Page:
IT&T News is a great publication that features many excellent articles by a variety of free-market policy experts. But I found this article on e-voting, by PRI’s Vince Vasquez, rather disappointing:
The e-voting experience has been a resounding success that has generated relatively few complaints from the electorate. To be sure, there were some legitimate problems with DRE machines on November 7, but many have been found to be man-made, such as innocent user error, inept poll workers, or ineffective planning by local election authorities. Unfortunately, these human-based fumbles have opened the doors for open-source zealots, wide-eyed activists, and crafty politicians who want to scrap DREs for the 2008 elections.
I’m not a politician, and I actually don’t think that open source would solve what’s wrong with e-voting, so by process of elimination, I must be a “wide-eyed activist.” I bet Ed Felten and Avi Rubin–both widely respected computer scientists–would be surprised to learn that they, too, are “wide-eyed activists.”
After busting out that sort of inflammatory rhetoric, you would think that Mr. Vasquez would have some pretty compelling refutations of us wide-eyed activists. But he doesn’t even mention–much less address–any of the actual arguments that e-voting critics make against computerize voting. No mention of the fact that DREs are less transparent, harder to audit, or more susceptible to wide-scale (rather than local) fraud than paper ballots. No mention of the current debacle in Florida, the various reports of problems with e-voting machines, or the fact that computer security researchers have actually demonstrated that some e-voting machines are vulnerable to vote-stealing viruses.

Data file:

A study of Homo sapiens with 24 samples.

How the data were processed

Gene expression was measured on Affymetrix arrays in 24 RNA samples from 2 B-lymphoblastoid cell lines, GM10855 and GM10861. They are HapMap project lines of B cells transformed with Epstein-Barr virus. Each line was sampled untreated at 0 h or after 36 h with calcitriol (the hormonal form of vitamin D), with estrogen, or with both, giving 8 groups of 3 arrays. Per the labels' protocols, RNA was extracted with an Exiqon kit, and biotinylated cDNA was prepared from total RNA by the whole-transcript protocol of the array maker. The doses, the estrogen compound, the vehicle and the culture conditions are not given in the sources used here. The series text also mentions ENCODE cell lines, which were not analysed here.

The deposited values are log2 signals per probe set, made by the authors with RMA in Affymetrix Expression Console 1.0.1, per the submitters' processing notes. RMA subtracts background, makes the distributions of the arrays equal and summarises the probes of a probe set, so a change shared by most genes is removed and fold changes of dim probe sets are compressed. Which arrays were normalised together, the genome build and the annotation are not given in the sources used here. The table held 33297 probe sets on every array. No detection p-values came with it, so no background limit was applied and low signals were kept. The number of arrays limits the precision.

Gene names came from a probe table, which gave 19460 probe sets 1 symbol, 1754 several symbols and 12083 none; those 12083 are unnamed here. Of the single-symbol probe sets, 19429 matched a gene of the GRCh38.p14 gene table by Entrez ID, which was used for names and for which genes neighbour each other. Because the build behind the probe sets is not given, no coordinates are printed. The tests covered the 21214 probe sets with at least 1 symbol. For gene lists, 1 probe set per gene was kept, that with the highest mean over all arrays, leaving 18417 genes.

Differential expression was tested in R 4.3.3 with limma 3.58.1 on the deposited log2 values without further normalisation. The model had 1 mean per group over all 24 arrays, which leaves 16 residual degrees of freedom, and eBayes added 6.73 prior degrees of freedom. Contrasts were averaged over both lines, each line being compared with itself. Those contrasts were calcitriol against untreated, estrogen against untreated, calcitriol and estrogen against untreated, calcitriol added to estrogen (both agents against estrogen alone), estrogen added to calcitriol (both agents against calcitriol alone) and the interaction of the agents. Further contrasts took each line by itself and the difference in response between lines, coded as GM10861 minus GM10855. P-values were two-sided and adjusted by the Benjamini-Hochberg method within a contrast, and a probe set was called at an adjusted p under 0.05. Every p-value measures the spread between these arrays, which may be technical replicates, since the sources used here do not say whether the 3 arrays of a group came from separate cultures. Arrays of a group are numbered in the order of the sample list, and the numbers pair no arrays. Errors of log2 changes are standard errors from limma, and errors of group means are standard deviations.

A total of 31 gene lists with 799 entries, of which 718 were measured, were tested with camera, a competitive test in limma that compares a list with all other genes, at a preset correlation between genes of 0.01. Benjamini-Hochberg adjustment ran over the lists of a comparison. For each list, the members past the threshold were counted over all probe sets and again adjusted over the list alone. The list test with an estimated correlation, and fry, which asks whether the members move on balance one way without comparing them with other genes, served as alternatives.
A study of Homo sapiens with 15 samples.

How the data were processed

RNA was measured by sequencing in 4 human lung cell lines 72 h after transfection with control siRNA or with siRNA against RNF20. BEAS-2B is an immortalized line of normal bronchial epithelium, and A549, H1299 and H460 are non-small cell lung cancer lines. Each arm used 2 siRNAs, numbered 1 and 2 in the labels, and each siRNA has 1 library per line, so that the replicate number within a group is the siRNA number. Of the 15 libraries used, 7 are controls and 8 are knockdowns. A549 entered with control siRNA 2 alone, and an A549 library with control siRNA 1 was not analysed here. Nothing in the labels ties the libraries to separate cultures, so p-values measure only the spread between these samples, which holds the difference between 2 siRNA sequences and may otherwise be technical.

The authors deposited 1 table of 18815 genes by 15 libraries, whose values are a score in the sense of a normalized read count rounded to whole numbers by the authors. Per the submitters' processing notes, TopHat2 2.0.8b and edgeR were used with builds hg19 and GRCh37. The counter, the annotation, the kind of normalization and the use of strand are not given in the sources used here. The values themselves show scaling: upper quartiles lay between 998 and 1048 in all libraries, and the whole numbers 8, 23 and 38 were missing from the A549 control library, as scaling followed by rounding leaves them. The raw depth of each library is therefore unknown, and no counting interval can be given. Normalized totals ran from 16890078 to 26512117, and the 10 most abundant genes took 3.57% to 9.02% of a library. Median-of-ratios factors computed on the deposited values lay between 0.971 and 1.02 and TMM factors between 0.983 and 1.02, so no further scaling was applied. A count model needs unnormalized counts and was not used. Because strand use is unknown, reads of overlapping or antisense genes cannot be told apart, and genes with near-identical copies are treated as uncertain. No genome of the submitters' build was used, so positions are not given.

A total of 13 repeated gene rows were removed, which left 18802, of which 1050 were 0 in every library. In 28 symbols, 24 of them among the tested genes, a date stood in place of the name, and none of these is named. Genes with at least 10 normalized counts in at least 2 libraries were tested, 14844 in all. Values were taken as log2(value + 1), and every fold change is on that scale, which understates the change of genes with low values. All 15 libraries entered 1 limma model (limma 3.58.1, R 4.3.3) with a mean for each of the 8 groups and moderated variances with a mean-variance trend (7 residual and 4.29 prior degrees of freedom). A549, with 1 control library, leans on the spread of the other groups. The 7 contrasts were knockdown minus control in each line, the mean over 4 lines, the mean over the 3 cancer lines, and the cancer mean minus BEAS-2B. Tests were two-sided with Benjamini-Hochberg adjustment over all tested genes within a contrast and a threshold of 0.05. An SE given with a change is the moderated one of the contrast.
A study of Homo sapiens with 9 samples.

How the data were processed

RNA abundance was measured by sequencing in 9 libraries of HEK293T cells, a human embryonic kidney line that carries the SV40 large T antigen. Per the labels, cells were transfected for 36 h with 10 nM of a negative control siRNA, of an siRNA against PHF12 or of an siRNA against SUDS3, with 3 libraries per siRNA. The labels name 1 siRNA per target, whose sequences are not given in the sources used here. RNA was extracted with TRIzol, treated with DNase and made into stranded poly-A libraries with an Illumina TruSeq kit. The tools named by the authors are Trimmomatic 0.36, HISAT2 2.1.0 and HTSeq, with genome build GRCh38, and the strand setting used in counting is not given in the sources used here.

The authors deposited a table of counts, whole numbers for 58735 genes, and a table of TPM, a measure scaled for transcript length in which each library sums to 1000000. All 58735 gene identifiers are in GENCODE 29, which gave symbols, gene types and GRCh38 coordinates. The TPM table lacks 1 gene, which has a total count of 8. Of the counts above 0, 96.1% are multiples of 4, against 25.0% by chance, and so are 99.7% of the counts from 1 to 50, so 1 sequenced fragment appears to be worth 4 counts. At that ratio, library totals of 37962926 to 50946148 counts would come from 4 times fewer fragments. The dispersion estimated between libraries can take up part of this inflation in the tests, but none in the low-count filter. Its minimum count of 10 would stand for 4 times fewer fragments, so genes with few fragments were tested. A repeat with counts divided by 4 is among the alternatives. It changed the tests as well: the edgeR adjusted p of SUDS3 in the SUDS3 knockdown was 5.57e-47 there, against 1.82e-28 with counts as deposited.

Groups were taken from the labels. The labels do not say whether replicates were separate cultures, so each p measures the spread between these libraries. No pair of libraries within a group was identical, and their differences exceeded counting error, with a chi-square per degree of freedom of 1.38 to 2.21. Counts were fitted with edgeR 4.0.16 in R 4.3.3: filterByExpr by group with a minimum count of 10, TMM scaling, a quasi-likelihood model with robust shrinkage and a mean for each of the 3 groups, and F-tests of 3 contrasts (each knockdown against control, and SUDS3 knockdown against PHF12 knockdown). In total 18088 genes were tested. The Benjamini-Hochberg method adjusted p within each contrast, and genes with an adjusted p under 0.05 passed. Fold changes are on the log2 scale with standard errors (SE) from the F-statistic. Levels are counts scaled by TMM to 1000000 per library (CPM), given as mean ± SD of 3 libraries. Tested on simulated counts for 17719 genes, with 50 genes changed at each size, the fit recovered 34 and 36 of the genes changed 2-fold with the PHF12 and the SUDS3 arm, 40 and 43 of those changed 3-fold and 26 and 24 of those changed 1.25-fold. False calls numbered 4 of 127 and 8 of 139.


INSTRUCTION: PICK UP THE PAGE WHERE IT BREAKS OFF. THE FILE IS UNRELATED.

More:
Nope, all we get is vague arguments about how “digital red tape and risky industry requirements jeopardizes the value of these innovative machines.” (Why are they innovative? Because there are computers in them!) And overheated rhetoric about “feeding the country’s voting system to ideological lions.” There might be some good arguments for using DREs, but Mr. Vasquez doesn’t seem to have any.